The picture above is what the Moon would look like if you wore gravity glasses.
We’ve been following the Grail Mission for some time now, and new results are in. NASA has made a very detailed gravity map of the moon. The Grail mission involves the use of two space craft flying next to each other, keeping track of their relative position by the use of radio signals. As they pass over the moon’s surface, they also interact with the Moon’s gravity. The complex dynamic of interaction between the twin spacecraft and the moon is measured by highly sophisticated and sensitive equipment, the data are crunched, and a gravity map is made.
The new map shows tectonic structures and landforms not previously seen in detail. Of particular interest:
“We used gradients of the gravity field in order to highlight smaller and narrower structures than could be seen in previous datasets,” said Jeff Andrews-Hanna, a GRAIL guest scientist with the Colorado School of Mines in Golden. “This data revealed a population of long, linear gravity anomalies, with lengths of hundreds of kilometers, crisscrossing the surface. These linear gravity anomalies indicate the presence of dikes, or long, thin, vertical bodies of solidified magma in the subsurface. The dikes are among the oldest features on the moon, and understanding them will tell us about its early history.”
Here’s the gravity map in motion:
The twin spacecraft were initially named “A” and “B” in order to keep them straight, but later on a naming contest was held and they were renamed “Ebb” and “Flow.” The mission had completed a full map of the Moon’s gravity about mid year, and then the spacecraft changed position at the end of August to create a higher resolution map.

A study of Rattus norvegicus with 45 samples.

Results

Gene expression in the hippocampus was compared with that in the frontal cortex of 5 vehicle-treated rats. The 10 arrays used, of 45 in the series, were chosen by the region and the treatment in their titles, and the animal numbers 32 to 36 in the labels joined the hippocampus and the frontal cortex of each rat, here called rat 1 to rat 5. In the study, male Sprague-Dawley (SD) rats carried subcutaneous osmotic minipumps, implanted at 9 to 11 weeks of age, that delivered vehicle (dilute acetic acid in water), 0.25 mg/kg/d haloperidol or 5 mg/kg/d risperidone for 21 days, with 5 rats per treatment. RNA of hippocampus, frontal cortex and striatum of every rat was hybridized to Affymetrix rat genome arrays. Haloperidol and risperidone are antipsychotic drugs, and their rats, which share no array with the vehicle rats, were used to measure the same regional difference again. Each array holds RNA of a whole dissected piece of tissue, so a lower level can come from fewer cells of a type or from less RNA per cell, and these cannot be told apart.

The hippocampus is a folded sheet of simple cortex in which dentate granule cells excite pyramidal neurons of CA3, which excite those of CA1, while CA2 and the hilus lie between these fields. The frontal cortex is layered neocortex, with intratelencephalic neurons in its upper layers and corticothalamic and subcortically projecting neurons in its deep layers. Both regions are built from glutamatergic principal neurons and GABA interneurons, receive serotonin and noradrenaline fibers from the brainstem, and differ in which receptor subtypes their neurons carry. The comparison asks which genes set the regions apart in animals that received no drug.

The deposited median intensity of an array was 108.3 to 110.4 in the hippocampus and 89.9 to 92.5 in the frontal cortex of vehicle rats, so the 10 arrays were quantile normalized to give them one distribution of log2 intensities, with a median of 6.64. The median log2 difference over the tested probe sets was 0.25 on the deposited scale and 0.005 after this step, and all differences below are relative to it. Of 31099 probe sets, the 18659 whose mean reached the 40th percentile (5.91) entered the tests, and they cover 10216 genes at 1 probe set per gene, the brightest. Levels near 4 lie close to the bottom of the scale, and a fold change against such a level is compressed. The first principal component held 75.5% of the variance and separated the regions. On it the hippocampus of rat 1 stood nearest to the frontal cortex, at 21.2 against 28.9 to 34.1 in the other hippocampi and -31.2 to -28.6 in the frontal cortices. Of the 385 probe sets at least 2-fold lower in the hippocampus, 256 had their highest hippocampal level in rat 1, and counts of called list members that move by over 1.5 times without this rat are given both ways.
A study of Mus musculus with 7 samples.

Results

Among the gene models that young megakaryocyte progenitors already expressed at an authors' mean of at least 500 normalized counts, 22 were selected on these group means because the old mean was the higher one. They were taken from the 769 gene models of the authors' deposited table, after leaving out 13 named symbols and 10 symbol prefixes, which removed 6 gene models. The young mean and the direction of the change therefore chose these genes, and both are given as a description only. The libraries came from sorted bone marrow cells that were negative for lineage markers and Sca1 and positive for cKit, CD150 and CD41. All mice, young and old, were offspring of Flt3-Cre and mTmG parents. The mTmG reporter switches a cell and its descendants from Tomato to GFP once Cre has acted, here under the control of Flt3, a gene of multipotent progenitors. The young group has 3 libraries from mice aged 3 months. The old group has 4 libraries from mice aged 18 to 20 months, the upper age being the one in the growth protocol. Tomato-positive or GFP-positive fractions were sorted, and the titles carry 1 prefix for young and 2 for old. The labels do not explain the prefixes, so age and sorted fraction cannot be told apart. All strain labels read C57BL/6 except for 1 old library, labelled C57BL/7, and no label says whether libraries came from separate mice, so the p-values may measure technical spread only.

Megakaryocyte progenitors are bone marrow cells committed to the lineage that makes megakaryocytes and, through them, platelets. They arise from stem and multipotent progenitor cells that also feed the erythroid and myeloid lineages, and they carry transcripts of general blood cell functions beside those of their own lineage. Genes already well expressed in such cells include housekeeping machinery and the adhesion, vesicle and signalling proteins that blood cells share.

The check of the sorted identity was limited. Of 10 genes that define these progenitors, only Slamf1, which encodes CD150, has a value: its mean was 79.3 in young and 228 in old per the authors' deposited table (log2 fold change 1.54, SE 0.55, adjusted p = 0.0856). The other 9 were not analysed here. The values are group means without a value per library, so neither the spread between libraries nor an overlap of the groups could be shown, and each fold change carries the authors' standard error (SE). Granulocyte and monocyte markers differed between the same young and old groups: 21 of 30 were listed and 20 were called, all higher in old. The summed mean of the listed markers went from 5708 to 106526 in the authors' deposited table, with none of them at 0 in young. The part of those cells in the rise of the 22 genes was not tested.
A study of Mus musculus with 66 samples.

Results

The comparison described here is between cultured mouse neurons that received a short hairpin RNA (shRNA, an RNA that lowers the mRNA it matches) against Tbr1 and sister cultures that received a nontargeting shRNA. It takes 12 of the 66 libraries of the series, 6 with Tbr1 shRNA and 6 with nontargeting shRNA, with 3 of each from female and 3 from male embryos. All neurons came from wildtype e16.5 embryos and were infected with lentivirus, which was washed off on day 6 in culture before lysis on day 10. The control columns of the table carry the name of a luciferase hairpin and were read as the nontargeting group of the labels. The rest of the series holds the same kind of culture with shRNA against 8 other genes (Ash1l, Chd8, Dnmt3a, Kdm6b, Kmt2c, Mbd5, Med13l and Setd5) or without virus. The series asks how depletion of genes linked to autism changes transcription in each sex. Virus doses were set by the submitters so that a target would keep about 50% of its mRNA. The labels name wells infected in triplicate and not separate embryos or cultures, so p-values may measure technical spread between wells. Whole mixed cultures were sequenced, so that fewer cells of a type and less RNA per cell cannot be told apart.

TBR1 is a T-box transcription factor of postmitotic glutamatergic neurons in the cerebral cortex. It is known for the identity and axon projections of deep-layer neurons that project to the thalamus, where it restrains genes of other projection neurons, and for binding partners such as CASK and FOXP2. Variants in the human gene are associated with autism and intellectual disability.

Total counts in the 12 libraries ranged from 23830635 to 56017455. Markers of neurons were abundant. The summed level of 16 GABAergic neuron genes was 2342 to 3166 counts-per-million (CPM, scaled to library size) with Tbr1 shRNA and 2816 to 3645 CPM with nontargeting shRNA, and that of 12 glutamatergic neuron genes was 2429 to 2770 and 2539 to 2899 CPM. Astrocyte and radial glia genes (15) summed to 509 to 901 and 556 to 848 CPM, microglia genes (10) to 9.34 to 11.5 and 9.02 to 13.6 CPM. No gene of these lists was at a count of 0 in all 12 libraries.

Details from the NASA press release are here.
A handful of peer reviewed papers on GRAIL were published in Science moments ago. Here are the abstracts:
The Crust of the Moon as Seen by GRAIL, by Wieczorek et. al.
High-resolution gravity data obtained from the dual Gravity Recovery and Interior Laboratory (GRAIL) spacecraft show that the bulk density of the Moon’s highlands crust is 2550 kg m−3, substantially lower than generally assumed. When combined with remote sensing and sample data, this density implies an average crustal porosity of 12% to depths of at least a few kilometers. Lateral variations in crustal porosity correlate with the largest impact basins, whereas lateral variations in crustal density correlate with crustal composition. The low bulk crustal density allows construction of a global crustal thickness model that satisfies the Apollo seismic constraints, and with an average crustal thickness between 34 and 43 km, the bulk refractory element composition of the Moon is not required to be enriched with respect to that of Earth.
Gravity Field of the Moon from the Gravity Recovery and Interior Laboratory (GRAIL) Mission, by Zuber et al.
Spacecraft-to-spacecraft tracking observations from the Gravity Recovery and Interior Laboratory (GRAIL) have been used to construct a gravitational field of the Moon to spherical harmonic degree and order 420. The GRAIL field reveals features not previously resolved, including tectonic structures, volcanic landforms, basin rings, crater central peaks, and numerous simple craters. From degrees 80 through 300, over 98% of the gravitational signature is associated with topography, a result that reflects the preservation of crater relief in highly fractured crust. The remaining 2% represents fine details of subsurface structure not previously resolved. GRAIL elucidates the role of impact bombardment in homogenizing the distribution of shallow density anomalies on terrestrial planetary bodies.
Ancient Igneous Intrusions and Early Expansion of the Moon Revealed by GRAIL Gravity Gradiometry, by Andrews-Hanna et al
The earliest history of the Moon is poorly preserved in the surface geologic record because of the high flux of impactors, but aspects of that history may be preserved in subsurface structures. Application of gravity gradiometry to observations by the Gravity Recovery and Interior Laboratory (GRAIL) mission results in the identification of a population of linear gravity anomalies with lengths of hundreds of kilometers. Inversion of the gravity anomalies indicates elongated positive density anomalies interpreted to be ancient vertical tabular intrusions or dikes, formed by magmatism in combination with extension of the lithosphere. Crosscutting relationships support a pre-Nectarian to Nectarian age, preceding the end of the heavy bombardment of the Moon. The distribution, orientation, and dimensions of the intrusions indicate a globally isotropic extensional stress state arising from an increase in the Moon’s radius by 0.6 to 4.9 km early in lunar history, consistent with predictions of thermal models.